25 January 2013

Commenting on social and consumerism decay, Zineb Sedira's new short film End of Life depicts the desolation of the 'car grave yard' as used cars come to their end at a scrap heap. This short evokes a feeling of wonder at the mass waste in its images, as well as a hint of sadness for these redundant creatures - the cars come across as the characters in this film, stripped of mobility and purpose.

In her work, Sedira explores ongoing interests in mobility, language and storytelling. Using video and photography, she draws on her family experience of emigrating from Algeria to France, where she grew up, before then moving to England to pursue her artistic interest further. Her works are subtle and poetic, touching on the personal, political and historical, and gently hinting at contemporary issues of globalization. 

Mother Tongue (2002), one of Sedira's best-known pieces is a three-channel installation, depicting conversation across three generations of successive migration, with varying first languages from Arabic, to French, to English. Sedira is shown talking with her mother on one screen, with her daughter on another screen and a breakdown of verbal communication is seen on the third screen, which depicts Sedira's daughter and her mother. This work is an intimate look at the disconnection that can occur within families through geographical displacement, also exploring the meaning of home and belonging in this context. In addition the work also functions on a more global scale, perhaps representing the lack of real, human communication in an increasingly globalized world, posing the question: What does the increasing ease of global, mediated forms of communication mean for the way we approach personal communication? Do we need to change our approach?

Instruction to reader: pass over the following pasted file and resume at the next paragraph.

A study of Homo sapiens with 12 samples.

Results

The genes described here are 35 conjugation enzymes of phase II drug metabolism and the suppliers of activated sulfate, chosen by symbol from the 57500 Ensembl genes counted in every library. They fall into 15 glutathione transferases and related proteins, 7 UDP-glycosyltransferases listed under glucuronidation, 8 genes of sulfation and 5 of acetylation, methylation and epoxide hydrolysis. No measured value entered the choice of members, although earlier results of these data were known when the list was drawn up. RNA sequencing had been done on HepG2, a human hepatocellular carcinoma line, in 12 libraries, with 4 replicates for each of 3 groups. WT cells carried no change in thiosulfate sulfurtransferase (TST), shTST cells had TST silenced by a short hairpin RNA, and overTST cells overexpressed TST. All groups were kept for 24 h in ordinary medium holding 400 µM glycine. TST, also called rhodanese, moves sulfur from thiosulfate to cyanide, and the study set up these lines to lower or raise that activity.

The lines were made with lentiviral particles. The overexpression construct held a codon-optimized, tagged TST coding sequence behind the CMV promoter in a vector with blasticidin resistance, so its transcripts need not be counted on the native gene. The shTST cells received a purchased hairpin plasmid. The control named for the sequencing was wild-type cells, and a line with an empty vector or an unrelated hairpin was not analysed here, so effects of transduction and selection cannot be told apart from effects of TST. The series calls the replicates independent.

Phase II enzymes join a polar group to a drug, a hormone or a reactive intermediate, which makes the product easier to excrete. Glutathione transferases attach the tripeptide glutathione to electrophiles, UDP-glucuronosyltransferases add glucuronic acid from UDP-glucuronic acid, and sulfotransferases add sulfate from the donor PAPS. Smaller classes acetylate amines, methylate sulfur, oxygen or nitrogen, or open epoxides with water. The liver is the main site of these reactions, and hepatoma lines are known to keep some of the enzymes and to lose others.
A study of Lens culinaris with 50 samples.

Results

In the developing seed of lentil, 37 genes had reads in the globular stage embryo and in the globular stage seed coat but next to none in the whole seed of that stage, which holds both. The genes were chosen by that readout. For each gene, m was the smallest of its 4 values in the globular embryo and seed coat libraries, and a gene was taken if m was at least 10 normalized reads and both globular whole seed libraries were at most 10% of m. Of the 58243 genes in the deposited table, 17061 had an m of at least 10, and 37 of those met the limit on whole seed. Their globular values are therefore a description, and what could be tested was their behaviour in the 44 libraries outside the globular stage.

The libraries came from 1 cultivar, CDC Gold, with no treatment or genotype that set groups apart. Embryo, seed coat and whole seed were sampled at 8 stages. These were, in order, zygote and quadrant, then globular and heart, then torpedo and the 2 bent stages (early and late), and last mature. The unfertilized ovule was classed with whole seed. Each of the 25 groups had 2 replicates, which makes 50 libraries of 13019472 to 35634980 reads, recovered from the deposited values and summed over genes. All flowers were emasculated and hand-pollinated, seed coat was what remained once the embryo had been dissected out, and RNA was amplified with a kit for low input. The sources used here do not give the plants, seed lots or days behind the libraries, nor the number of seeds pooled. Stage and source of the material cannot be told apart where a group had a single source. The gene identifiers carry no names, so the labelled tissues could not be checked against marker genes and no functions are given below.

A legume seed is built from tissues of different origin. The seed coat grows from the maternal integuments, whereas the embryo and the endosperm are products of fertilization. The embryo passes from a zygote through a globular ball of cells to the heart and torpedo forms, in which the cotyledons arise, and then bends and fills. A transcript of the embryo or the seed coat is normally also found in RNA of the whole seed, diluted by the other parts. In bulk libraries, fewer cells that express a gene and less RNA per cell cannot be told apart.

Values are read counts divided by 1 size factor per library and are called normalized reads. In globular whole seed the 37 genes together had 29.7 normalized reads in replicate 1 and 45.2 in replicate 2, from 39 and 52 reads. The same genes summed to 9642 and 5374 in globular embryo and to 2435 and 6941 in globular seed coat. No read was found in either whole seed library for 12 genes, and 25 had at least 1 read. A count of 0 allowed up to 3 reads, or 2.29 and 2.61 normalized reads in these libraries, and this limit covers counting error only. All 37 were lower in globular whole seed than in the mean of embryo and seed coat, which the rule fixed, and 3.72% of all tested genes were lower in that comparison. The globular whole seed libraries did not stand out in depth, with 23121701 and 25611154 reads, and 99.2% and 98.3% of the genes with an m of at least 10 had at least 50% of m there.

Continuing to explore the themes of migration and travel, Sedira's work has veered away from the biographical and into the more abstract and conceptual in her work, MiddleSea. This work, displayed in 2008 at The Wapping Project, a former hydraulic power station, was a beautiful piece set on a ship travelling from Algiers to Marseilles. Described by Coline Milliard as "a visual meditation on the state of transit", this piece was a highly evocative and sensory piece, elongating a transient moment in the way that travel often does. There is a timelessness in the work that is at once both immediately recognizable, yet also somehow ethereal and transcendental.  Millard describes this evocative work further in her review for Frieze Magazine and see this review from A2BPhotography of a subsequent work on a similar theme.

Sedira is also an accomplished academic, having contributed to the issues of religious expression and representation in her article Mapping the Illusive. Given her connection to Paris and her cultural heritage, the controversy that has surrounded the French attitude towards the wearing of the Muslim veil is an issue of great complexity and significance for the artist. Sedira speaks of the veil as a concept adopted by both Eastern and Western cultures that manifests in different ways and as a sign of a larger global issue in female representation. Sedira's work has been referenced by Huda Lutfi, in the blog spot Lids, Sewn Shut

Hear Sedira talk about her views and artistic practice in interviews from artreviewTV, , tank.tv, and in an academic interview by Joseph McGonagle.

Find out more about her at her website zinebsedira.com and in a thesis exploring Sedira's work by Katherine Eve Hammond.

Sedira also participated in the FACT forum Random Acts: Artist Interventions into Broadcast in October 2012.

Click here to find out more about the 25 short films co-commissioned by FACT for Channel 4, including Dream by Hollywood star James Franco.